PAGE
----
Barks For Books: Children Read More In The Presence Of Dogs, Study Finds

KELOWNA, British Columbia — Thanks to the proliferation of smartphones, tablets, and any number of other handheld media devices, it can be harder than ever to instill healthy reading habits in today’s youth. Luckily, a new study is offering up a furry solution. Researchers from the University of British Columbia, Okanagan say that simply sitting down with a book in the presence of a pup can help motivate children to read more.

The research team, led by doctoral student Camille Rousseau, studied the reading patterns of 17 children (8 girls, 9 boys) without a dog present, and then again with a dog nearby. Each child was currently enrolled in either the first, second, or third grade at the time of the study.

“Our study focused on whether a child would be motivated to continue reading longer and persevere through moderately challenging passages when they are accompanied by a dog,” Rousseau comments in a release.

Each participating child was selected based off of their independent reading skills; before the experiment, each student was tested to calculate their reading acumen and to ensure they would be provided with appropriate books for their individual skills. However, researchers didn’t want the books to be too easy for the children, and chose books slightly harder than each child’s reading level.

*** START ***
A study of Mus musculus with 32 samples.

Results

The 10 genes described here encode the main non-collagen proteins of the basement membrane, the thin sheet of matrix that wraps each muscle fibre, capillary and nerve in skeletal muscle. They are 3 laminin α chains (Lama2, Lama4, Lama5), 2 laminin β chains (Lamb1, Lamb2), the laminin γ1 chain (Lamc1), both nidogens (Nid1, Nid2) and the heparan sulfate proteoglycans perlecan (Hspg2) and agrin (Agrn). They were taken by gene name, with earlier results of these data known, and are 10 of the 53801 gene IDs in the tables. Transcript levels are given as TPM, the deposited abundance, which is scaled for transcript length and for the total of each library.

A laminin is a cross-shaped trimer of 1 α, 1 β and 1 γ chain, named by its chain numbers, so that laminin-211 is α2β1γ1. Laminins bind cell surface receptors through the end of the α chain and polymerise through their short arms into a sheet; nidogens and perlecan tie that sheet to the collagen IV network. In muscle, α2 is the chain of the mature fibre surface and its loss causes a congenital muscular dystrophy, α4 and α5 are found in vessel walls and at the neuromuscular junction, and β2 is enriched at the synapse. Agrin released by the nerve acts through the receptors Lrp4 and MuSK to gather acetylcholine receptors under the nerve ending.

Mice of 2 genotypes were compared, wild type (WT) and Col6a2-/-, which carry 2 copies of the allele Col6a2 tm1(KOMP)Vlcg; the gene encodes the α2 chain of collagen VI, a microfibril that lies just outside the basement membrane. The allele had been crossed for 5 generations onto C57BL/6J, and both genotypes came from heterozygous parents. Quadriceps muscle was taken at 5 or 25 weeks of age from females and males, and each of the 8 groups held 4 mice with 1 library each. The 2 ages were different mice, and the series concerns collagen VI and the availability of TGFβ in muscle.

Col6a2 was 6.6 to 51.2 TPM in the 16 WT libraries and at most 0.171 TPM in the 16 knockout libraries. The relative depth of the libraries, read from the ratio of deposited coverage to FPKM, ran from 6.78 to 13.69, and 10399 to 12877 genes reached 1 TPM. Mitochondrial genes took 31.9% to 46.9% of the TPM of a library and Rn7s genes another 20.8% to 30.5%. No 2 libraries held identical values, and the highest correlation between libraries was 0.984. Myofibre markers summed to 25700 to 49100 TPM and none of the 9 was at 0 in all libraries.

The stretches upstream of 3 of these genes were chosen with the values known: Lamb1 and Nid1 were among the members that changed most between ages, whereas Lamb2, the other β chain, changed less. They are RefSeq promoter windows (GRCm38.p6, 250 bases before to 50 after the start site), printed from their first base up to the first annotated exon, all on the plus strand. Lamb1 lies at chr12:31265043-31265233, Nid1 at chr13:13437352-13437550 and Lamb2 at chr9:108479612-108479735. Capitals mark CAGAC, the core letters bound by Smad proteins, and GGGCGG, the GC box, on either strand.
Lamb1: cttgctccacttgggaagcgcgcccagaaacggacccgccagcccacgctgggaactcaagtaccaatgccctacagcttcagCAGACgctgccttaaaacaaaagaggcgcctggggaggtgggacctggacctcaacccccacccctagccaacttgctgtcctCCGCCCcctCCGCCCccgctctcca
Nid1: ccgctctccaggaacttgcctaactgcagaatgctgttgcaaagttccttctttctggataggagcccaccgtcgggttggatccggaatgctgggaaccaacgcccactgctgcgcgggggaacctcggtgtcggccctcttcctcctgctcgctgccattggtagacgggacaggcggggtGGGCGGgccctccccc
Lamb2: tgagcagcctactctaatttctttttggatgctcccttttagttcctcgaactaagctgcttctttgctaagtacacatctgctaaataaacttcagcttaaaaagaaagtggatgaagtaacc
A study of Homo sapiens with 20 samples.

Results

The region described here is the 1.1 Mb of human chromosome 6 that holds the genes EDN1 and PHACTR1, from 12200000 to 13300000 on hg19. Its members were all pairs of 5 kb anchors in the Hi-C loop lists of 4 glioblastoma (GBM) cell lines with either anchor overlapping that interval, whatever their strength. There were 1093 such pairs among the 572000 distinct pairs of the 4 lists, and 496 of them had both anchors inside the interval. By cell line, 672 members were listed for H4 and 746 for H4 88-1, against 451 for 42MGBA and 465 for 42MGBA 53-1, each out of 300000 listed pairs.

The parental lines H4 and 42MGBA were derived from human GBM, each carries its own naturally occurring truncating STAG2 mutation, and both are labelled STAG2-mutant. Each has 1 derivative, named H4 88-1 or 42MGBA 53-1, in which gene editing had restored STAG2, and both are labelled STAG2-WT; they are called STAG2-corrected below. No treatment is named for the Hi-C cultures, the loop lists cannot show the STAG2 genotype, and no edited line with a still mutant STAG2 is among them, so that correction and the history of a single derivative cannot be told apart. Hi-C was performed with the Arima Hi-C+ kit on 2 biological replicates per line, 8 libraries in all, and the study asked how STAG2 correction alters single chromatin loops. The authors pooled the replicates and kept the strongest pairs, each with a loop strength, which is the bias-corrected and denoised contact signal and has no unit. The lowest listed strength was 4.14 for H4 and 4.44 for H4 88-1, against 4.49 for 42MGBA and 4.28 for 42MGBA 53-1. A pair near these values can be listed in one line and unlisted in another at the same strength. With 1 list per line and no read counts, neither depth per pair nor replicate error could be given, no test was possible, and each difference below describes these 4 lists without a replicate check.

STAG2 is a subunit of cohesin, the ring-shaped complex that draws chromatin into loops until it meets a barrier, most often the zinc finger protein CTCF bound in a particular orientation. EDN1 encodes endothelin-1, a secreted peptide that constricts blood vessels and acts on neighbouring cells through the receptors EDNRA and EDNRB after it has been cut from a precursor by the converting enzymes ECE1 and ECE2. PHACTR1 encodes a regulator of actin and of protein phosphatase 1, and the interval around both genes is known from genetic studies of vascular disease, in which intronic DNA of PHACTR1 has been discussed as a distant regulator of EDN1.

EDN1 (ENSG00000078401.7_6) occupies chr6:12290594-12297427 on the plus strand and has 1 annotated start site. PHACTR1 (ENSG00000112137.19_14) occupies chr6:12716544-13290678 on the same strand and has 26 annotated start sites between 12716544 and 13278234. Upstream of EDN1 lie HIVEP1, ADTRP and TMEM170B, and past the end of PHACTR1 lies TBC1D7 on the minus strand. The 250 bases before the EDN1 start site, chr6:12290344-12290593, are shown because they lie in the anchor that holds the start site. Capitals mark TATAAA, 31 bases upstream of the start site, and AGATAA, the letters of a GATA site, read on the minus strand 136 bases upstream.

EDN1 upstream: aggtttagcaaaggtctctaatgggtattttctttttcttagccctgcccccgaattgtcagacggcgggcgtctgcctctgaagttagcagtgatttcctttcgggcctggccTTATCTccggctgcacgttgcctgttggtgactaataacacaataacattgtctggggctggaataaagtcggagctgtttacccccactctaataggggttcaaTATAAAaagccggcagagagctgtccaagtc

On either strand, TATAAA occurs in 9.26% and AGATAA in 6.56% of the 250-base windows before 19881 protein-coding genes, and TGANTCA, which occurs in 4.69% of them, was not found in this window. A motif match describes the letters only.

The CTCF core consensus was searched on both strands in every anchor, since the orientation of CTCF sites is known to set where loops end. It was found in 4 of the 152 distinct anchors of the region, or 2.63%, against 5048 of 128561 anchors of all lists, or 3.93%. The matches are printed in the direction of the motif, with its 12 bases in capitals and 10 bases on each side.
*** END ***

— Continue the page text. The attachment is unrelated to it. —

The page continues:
“The findings showed that children spent significantly more time reading and showed more persistence when a dog—regardless of breed or age—was in the room as opposed to when they read without them,” Rousseau says. “In addition, the children reported feeling more interested and more competent.”

Therapy dogs are becoming more and more common in schools, universities, and community organizations, and Rousseau believes her work may help develop “gold standard” dog intervention strategies for children who are struggling to read as well as they should.

“There have been studies that looked at the impact of therapy dogs on enhancing students’ reading abilities, but this was the first study that carefully selected and assigned challenging reading to children,” she adds.

While the research team believe that dogs would likely have the same positive influence on more recreational reading for children, they maintain that the true value of this research lays in its possible application in regards to the more challenging, educational reading that children encounter at school.

The study is published in the scientific journal Anthrozoös.